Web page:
I am here at Tuol Sleng today to pay tribute to the victims and survivors of the atrocity crimes committed throughout Cambodia during the Khmer Rouge period.
The suffering that took place within these walls is horrific and shocking. The stories of survival and resilience are moving and inspiring.
I thank the Museum for its extraordinary work to raise awareness of these atrocity crimes, as part of efforts to ensure they can never happen again.
The Extraordinary Chambers in the Court of Cambodia have held several Khmer Rouge leaders accountable for these atrocities and provided a voice to victims and survivors.
Their voices are more important than ever, at a time when hate speech, abuse, discrimination and harassment are on the rise in every corner of the world.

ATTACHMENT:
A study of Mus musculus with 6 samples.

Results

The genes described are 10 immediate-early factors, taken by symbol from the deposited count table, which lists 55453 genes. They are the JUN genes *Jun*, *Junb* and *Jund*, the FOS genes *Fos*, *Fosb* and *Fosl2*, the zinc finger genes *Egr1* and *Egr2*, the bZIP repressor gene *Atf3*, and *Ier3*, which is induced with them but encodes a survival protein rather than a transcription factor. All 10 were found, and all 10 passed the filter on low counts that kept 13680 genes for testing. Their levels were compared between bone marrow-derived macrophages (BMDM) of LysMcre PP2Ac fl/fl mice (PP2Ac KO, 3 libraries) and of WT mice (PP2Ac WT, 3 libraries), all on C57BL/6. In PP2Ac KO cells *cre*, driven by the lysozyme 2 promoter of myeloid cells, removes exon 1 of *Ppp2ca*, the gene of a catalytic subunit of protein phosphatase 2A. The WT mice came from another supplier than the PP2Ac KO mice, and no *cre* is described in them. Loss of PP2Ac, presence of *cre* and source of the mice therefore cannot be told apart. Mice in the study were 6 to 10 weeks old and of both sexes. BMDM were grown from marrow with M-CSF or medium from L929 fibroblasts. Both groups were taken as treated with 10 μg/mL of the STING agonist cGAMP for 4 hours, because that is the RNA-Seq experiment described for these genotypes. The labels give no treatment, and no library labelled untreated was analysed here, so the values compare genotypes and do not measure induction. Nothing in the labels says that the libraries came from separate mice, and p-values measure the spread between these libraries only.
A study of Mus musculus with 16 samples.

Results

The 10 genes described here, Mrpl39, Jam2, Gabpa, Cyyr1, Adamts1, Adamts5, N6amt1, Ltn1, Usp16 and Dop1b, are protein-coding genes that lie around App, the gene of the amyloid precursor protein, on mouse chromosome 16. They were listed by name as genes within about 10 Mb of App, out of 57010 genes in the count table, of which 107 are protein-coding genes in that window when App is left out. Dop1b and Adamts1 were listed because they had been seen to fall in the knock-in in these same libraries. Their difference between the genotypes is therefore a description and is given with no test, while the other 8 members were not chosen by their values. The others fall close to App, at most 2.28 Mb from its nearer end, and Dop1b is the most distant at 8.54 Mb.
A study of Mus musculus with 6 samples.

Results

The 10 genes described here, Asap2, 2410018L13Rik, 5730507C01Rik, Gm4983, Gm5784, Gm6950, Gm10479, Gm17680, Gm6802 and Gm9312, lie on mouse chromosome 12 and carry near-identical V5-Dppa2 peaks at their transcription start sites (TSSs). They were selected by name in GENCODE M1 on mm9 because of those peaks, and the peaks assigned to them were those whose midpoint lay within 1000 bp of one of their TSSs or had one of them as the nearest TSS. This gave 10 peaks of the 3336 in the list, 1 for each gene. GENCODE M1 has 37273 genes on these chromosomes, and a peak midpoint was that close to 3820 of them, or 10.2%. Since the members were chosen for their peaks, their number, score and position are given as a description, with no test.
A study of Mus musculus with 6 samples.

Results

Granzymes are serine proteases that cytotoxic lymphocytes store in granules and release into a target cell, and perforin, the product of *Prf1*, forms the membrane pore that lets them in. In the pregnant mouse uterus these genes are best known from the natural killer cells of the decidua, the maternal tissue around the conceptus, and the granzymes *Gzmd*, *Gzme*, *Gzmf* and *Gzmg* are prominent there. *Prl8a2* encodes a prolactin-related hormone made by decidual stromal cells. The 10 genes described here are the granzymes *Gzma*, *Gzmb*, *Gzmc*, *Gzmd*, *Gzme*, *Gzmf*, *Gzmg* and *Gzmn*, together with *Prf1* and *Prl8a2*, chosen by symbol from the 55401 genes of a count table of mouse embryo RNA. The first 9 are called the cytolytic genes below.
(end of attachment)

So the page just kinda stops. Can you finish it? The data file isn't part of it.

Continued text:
Tuol Sleng is an essential reminder. Its bloodstained bricks and tiles are a warning to us all:
This is what happens when hatred runs rampant.
This is what happens when human beings are persecuted, and human rights are denied.
Preserving the memory of those who suffered and died at Tuol Sleng helps to ensure that such atrocities are never repeated.
I promised to tell the story that I heard from one of the survivors to my granddaughters and I'll tell them to convey that story to their grandchildren. It is essential that the memory of what happened here is never lost.
By learning to recognize the first warning signs of genocide and other atrocity crimes, and honouring the values of inclusion and dignity, we can lay the foundations for a future in which such horrors can never happen again.